Georgia has several camping areas for those looking to camp on or very close to the beach. These areas range from federal and state public lands that have backcountry and RV camping and tent sites to private campgrounds which offer more luxurious accommodations. All offer opportunities for outdoor enthusiasts to enjoy outdoor activities such as swimming, fishing, hiking and boating.
Camping with the National Park Service
Located in southern Georgia, Cumberland Island National Seashore has two developed beach campgrounds maintained by the National Park Service. The first, Sea Camp, has sixteen campsites for individual campers, and two group campsites for groups of up to twenty people. Campsite amenities include a fire ring, picnic table, grill, and a food cage. Sea Camp also has an amphitheater, cold water showers, restrooms, and boardwalk access to the beach. There are also several hiking trails nearby and the Ice House Museum.
The second campground, Stafford Campground, is north of Sea Camp. It too has sites with fire rings, and the campground has shower facilities and restrooms. However, drinking water at the camp must be treated before drinking. It also has several hiking trails near the campground.
Camping with Georgia State Parks
Jekyll Island is just north of Cumberland Island National Seashore. It has over two hundred campsites, ranging from primitive tent sites to full hook-up camping with electricity, water, sewer and cable television. Wi-Fi internet access is available, as well as a general store that sells camping supplies and has bike rentals. There is also fishing available at a nearby pier and there is a picnic area.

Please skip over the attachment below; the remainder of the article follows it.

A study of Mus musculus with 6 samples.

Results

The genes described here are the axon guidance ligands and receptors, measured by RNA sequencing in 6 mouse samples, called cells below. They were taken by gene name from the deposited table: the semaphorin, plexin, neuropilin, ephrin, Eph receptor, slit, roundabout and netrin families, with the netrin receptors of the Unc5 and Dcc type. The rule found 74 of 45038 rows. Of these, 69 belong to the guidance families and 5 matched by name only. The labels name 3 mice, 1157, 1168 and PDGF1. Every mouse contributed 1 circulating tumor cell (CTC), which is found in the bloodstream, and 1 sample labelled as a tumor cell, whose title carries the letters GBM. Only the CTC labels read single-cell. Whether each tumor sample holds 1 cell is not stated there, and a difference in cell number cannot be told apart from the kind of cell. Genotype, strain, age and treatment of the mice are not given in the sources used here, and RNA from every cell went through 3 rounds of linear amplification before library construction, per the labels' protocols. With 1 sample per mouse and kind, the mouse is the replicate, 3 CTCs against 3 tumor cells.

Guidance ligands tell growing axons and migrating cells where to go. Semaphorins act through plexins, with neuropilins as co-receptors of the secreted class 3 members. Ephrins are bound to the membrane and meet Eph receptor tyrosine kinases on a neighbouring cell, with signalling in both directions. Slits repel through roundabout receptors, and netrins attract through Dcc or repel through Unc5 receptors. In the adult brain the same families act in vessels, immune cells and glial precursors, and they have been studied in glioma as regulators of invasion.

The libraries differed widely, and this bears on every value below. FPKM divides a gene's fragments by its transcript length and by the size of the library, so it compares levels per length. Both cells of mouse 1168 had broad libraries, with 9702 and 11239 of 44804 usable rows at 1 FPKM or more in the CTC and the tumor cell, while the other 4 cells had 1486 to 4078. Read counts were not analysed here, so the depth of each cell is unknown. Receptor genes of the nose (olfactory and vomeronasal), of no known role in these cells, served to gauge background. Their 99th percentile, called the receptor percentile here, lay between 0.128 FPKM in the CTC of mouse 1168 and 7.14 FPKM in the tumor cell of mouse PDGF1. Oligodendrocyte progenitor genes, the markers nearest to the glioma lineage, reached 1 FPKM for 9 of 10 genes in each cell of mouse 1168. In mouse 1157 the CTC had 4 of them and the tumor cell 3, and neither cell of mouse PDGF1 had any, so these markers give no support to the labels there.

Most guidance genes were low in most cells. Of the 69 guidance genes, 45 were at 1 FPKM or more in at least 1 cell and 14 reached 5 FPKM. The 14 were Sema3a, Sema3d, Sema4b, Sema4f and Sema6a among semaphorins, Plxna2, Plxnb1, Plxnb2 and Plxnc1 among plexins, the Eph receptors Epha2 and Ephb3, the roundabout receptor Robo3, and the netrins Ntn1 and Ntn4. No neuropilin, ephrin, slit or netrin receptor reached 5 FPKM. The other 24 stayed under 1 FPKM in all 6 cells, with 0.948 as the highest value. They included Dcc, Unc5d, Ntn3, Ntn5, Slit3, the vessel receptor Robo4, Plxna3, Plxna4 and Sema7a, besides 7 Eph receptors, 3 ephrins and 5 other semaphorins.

South of Savannah, Fort McAllister State Park is a fort dating back to the Civil War. Overlooking the Great Ogeechee River, Fort McAllister has 65 campsites, including several that are handicap-accessible. There are also restrooms, shower facilities, a laundry room and play area.
Camping at Private Campgrounds
River’s End Campground and RV Park is located on Tybee Island, which is east of Savannah. The campground has 120 sites, most of which are full hookups, with others that have just water and electricity, or are primitive/tent campsites. There are also shower facilities, restrooms, a laundry room, swimming pool, dump station and a computer station for email.
Visiting Wildlife Refuges in Georgia
Georgia has several wildlife refuges along the central coastline of the state. For instance, Blackbeard Island National Wildlife Refuge provides a winter habitat for migratory birds and other animals, some of which are endangered species. These include the American alligator, American bald eagle, the South Indian manatee, and the wood stork. Other wildlife refuges include the Richard J Renyolds State Wildlife Refuge and the Altamaha State Waterfowl Management Area.
Before traveling to Georgia to camp, check ahead for site availability, and the current rate for the site. When camping on state or federal land, there may be a limit as to the number of days a camper can spend in one site. Always follow campground rules and regulations.